LOUISVILLE, Ky. (WDRB) -- The U.S. Department of Justice announced Wednesday the results of its wide-ranging civil rights review that began nearly two years ago, promising to look at Louisville Metro Police officers' use of force, including against people participating in First Amendment-protected activities.

Speaking in Louisville, U.S. Attorney General Merrick Garland and his investigators said federal and local officials have agreed in principle to enter a court-enforceable consent decree as the department makes agreed-upon changes to policing practices.

The terms will be negotiated in the coming months before the agreement is filed in federal court, said Associate U.S. Attorney Vanita Gupta said.

It's expected to cost Metro government $8 million to $10 million annually in reform-related costs, according to figures a consultant presented to Metro Council in 2021. 

But what is a consent decree? And what can Louisville citizens expect from their police department in the years to come?

There are 18,000 law enforcement agencies in the United States, according to the DOJ, and in the last 25 years, fewer than 100 have been placed under a consent decree.

By those statistics, the contract with the federal government for police reform is a rare form of sanctioning used at the conclusion of a pattern and practice investigation when a law enforcement agency shows a habitual or systemic issue with breaking the law.

The oversight agreement sets tangible requirements for change, metrics to measure the improvement and timelines to achieve them. It's all approved by a federal judge, legally binding and then overseen by a independent monitor who must regularly report progress or any problems to the public.

Whether consent decrees really work depends on who you ask.

"Officers begin to understand that these issues will be investigated thoroughly and quickly," said Peter Harvey, an independent attorney who oversaw the application of a consent decree in the Newark Police Department. "They will be given great attention immediately and that there will be a consequence."

Jesse Panuccio, the former acting associate attorney general, disagrees.

"Consent decrees turn DOJ litigators, private plaintiffs, federal judges and private monitors into regulators even if they lack the time and expertise to properly regulate," Panuccio said during a speech in November 2021

Former President Donald Trump's administration halted the use of consent decrees in early 2018 as one of the final acts under outgoing Attorney General Jeff Sessions.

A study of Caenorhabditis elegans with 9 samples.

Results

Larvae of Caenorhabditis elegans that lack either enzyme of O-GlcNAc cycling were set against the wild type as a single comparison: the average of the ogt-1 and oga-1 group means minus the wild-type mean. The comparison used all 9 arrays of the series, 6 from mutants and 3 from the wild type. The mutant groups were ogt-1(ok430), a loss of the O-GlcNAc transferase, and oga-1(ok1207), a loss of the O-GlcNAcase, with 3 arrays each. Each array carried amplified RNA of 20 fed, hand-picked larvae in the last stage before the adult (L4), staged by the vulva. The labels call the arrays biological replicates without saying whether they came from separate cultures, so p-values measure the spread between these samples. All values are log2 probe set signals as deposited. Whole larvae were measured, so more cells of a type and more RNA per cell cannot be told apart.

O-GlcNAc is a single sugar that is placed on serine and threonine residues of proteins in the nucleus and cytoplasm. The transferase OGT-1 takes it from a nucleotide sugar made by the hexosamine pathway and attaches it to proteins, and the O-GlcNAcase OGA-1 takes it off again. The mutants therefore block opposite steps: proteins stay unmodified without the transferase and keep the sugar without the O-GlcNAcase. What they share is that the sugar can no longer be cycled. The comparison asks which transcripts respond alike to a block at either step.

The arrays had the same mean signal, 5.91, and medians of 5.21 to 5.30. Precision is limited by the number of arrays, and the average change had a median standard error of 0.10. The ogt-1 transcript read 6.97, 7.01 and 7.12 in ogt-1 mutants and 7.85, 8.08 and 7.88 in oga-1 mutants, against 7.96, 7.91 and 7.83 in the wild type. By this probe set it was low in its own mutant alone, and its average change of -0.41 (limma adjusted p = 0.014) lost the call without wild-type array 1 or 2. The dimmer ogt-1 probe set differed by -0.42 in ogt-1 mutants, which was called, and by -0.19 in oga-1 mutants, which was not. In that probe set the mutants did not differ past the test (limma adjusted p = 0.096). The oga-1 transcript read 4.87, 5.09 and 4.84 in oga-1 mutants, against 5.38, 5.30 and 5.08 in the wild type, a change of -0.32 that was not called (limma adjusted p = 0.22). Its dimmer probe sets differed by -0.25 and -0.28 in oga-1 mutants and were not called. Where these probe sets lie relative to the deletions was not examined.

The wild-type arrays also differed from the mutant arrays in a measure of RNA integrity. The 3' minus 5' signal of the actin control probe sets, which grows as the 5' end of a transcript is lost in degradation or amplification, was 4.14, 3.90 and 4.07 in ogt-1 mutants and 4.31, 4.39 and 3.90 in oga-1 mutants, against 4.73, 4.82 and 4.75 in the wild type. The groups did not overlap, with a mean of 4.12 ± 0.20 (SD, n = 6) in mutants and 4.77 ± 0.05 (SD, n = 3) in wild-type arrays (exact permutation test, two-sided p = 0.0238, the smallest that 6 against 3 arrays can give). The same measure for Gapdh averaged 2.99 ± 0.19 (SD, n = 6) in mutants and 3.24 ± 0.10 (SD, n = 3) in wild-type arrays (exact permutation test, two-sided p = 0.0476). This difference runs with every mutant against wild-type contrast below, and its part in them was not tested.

"I made it clear that this DOJ will not sign consent decrees that will cost lives by handcuffing the police rather than handcuffing the criminals," Sessions said in a speech in late 2017.

Current Attorney General Merrick Garland brought them back in April 2021 and set sights on Louisville Metro Police after detectives killed Breonna Taylor in a botched raid.

The police beating of Rodney King in the early 1990s and the riots that lit Los Angeles on fire after the officers were cleared on state charges were the driving force for the federal government to create a pathway to mandate local police reform.

The map below shows places where consent decrees have been implemented:

Consent Decree Map

Louisville's NAACP said the agreement to enter a consent decree is a "different ball game."

The organization said the legal binding elements of the agreement will enforce real change. The group felt the DOJ investigation's findings validated what they've seen, heard and witnessed for years.

It also required people to pay a price.

"I think about the young man who was stopped over here on 18th Street, made a wide turn, taken out, handcuffed and humiliated in public," Raymond Nurse, NAACP Louisville First Vice President, said. "This report doesn't do anything to change that. We feel very, very sorry for folks that had to endure this but hopefully with what's coming up now, we can get some changes made."

The NAACP hopes to be part of negotiations related to the consent decree and that there is transparency throughout the entire process.

The timeline for the federal oversight varies. It's a minimum five years, but often, it's much longer.

For example, Cleveland went into a consent decree nearly eight years ago. One in New Orleans lasted 10 years. The Oakland Police Department was under a consent decree for 20 years.

In the end, the goal is for the police department to implement best practices for how it engages the public and for the city to trust its officers again.